Be still, and know that I am God; I will be exalted among the nations, I will be exalted in the earth (Psalm 46:10).
Even though I spend pretty quiet days in my school library, when I think of school, on the whole, there isn’t a lot of “stillness.” Even during the most intentionally still times, like during standardized testing–even in a room dedicated to reduce distractions for the most distractible test-takers–it’s amazing how much activity there is–shoes scuffling, noses snuffling, pencils erasing, chairs creaking, people breathing.
Yet, I wish for you, my brave colleagues facing a new school year of known and unknown challenges, a full measure of stillness.
On the “Home” page on this website, I talk a little about stillness–the idea that there is an unseen world that can easily pass us by unless we take some time to be still and simply observe for awhile. I was reminded of this on a recent vacation with my family. We had hiked the Comet Falls Trail at Mount Rainier National Park (think hill and stair-climbing for three solid hours–it’s only due to the graciousness and patience of my family that I made it all the way to Van Trump Park!). While we ate lunch at this little open space that looked up at the enormous hunk of snow and rock called Mount Rainier, and over a deep valley to a green, rock-studded meadow, I mused out loud to my girls that it would be so cool if one of those white rocks moved and actually turned out to be a mountain goat.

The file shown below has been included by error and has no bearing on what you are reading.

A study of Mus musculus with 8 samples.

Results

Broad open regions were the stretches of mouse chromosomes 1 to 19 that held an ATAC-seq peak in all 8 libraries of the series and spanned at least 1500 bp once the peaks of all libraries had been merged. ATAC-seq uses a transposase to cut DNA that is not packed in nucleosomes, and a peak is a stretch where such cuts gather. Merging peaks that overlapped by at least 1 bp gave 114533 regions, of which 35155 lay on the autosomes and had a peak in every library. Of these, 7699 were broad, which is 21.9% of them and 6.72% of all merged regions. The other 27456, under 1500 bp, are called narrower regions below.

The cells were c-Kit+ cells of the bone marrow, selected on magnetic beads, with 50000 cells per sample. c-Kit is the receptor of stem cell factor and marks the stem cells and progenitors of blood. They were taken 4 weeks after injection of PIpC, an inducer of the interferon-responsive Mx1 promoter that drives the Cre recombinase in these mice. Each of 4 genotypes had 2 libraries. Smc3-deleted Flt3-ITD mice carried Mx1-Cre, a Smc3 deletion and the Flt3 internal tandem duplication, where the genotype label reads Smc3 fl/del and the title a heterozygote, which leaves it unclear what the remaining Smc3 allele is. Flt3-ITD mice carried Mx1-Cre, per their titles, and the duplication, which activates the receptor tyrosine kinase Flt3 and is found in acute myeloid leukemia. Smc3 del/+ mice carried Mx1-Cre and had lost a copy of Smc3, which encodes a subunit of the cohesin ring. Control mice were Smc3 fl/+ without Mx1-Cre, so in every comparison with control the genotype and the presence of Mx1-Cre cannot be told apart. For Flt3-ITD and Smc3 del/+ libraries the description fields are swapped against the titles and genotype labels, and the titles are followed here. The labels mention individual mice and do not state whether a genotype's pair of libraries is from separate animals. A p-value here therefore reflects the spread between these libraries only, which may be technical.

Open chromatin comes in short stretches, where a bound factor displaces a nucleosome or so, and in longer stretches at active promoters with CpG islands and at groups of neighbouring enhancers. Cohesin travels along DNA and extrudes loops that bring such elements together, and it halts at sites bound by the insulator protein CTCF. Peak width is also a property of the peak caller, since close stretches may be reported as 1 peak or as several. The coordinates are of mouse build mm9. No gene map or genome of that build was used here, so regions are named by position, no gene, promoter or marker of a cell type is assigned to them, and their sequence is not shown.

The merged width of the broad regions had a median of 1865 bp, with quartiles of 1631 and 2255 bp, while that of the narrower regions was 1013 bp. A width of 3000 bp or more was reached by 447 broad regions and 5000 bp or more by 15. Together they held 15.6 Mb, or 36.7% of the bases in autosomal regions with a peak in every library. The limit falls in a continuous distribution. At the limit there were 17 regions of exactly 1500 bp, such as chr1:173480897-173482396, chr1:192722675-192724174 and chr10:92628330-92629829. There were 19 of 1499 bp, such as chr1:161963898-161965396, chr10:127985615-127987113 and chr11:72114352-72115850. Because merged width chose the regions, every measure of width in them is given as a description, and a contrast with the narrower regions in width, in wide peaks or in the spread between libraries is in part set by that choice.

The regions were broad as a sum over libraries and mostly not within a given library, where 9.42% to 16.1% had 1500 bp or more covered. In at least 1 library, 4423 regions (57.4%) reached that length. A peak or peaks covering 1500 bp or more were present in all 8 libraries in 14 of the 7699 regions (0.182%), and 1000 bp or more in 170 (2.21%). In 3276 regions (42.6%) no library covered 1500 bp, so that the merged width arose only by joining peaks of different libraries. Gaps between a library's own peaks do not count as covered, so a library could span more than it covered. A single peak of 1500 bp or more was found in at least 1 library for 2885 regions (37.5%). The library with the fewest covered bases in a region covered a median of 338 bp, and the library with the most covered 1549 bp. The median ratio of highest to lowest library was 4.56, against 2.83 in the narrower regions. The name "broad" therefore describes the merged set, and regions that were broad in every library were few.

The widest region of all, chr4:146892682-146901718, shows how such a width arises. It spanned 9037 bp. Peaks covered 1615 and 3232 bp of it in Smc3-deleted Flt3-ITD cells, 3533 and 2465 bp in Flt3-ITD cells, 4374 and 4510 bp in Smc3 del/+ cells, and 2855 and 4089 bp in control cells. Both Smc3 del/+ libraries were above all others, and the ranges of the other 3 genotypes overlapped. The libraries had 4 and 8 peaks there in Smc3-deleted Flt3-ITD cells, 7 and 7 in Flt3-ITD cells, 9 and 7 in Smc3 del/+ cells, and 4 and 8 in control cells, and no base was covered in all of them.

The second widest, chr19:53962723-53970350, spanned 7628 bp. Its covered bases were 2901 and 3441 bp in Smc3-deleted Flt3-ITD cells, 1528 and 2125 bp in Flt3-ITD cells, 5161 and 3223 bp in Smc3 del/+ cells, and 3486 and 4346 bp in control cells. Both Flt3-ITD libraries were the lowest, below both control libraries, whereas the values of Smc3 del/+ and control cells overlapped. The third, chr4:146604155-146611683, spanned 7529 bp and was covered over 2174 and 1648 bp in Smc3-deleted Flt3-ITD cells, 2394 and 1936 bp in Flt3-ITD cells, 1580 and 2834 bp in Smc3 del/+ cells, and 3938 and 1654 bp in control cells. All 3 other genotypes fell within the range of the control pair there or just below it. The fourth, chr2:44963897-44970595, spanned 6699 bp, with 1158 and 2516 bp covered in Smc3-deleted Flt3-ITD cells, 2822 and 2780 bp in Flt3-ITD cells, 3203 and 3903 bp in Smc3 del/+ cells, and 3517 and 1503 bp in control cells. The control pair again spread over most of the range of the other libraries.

We watched in silence for awhile, when Amanda said that a rock wasn’t moving, but what was that dark spot? It turned out to be one black bear, and then, two! When the bears were moving, they were relatively easy to see, but when they were still, we had to be equally still and watchful to catch their movement from one place to another; otherwise, we’d miss them completely and only see an “empty” meadow of shrubs and rocks.
Stillness. I guess it’s too much to ask the kids at school this year to be perfectly still, but I do wish for you a year of taking time to be still yourself–to remember–daily–that God loves you. Psalm 46 also says that “God is our refuge and strength, an ever-present help in trouble,” and that “though its waters roar and foam and the mountains quake with their surging,” we will not fear!
So, my dear, brave school colleagues, remember that no matter how trying the days to come may be, God promises that He’ll be with us through it all!
Blessings on a wonderful new school year!